Turkey plays balancing act between Russia and Syrian rebel groups - analyst

Turkey needs further cooperation with Russia to slow the gains of Syrian government forces in northern Syria and give time for Turkish military forces to exert their own control in the area, Middle East expert Michaël Tanchum wrote for the Turkey Analyst.

“Turkey's priority is to secure Russia's assent to Turkey asserting its influence in Kobani and other Kurdish-dominated regions along Turkey's southern border,” said Tanchum, a senior fellow at the Austrian Institute for European and Security Policy.

On March 5, Turkish President Recep Tayyip Erdoğan and his Russian counterpart, Vladimir Putin, agreed to a ceasefire in a bid to end fighting in Syria’s northeastern Idlib province between Turkey-backed rebel forces and the Syrian military, which is backed by Russia.

The deal, seen as an addendum to the 2018 Sochi agreement, aims to establish a security corridor stretching around 6 km north and south of the west M4 highway that connects Latakia and Saraqeb.

Ankara deployed over 1,100 new military units in Idlib within two weeks after the March 5 agreement, Tanchum wrote, to deter pro-Damascus forces from continuing its push into the province and to cope with opposition jihadist groups, which Turkey “does not exert a controlling influence” over in the area.

“Ongoing attacks along the highway have revealed there is widening divergence of interests between several opposition groups and Turkey,” he wrote.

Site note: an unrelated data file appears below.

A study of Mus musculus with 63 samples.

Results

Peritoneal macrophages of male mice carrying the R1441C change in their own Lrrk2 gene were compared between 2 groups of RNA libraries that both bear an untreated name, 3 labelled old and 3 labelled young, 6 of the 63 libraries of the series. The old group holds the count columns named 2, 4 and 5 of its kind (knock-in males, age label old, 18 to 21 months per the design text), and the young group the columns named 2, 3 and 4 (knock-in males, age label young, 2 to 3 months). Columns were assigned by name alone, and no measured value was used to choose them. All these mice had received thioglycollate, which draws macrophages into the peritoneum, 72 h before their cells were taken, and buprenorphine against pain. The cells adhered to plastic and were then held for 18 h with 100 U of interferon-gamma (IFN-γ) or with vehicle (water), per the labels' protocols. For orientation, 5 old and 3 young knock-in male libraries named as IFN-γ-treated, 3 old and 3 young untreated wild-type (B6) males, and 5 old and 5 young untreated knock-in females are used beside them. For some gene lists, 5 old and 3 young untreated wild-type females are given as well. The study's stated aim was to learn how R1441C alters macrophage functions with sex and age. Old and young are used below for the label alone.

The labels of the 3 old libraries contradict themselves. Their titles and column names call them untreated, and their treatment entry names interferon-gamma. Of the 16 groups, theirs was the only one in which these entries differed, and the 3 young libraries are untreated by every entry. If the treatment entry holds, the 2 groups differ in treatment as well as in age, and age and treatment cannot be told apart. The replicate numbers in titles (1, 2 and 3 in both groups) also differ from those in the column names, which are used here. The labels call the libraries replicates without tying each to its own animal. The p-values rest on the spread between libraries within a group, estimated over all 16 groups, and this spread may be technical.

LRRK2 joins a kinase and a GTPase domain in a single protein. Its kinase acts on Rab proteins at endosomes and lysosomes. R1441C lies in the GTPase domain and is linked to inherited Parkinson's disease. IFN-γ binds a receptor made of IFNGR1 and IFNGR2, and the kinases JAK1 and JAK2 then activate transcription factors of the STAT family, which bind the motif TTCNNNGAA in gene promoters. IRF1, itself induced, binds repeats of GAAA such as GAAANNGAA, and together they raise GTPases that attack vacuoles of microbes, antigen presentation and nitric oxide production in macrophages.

Tanchum also referred to a March 15 incident, when a joint Turkish-Russian patrol faced a hundreds-strong roadblock manned by rebels and protestors on the M4 highway. The patrol turned back so not to escalate the situation outside of Tronbeh, a village the Turkish-allied National Liberation Front controls.

Reports have emerged that the NLF itself has rejected Ankara's deal with Moscow, as approximately half of the NLF senior command resigned from their positions, Tanchum wrote, underlining the widening cracks between Turkey and its Syrian allies.

Turkey's relationship with Russia is “transactional” and should not be mistaken for a strategic partnership, the expert wrote. “In the immediate Syrian context, Ankara is willing to compartmentalize whatever losses it endured in Idlib in order to continue cooperating with Moscow to preserve Turkey's critical interests in northern Syria.”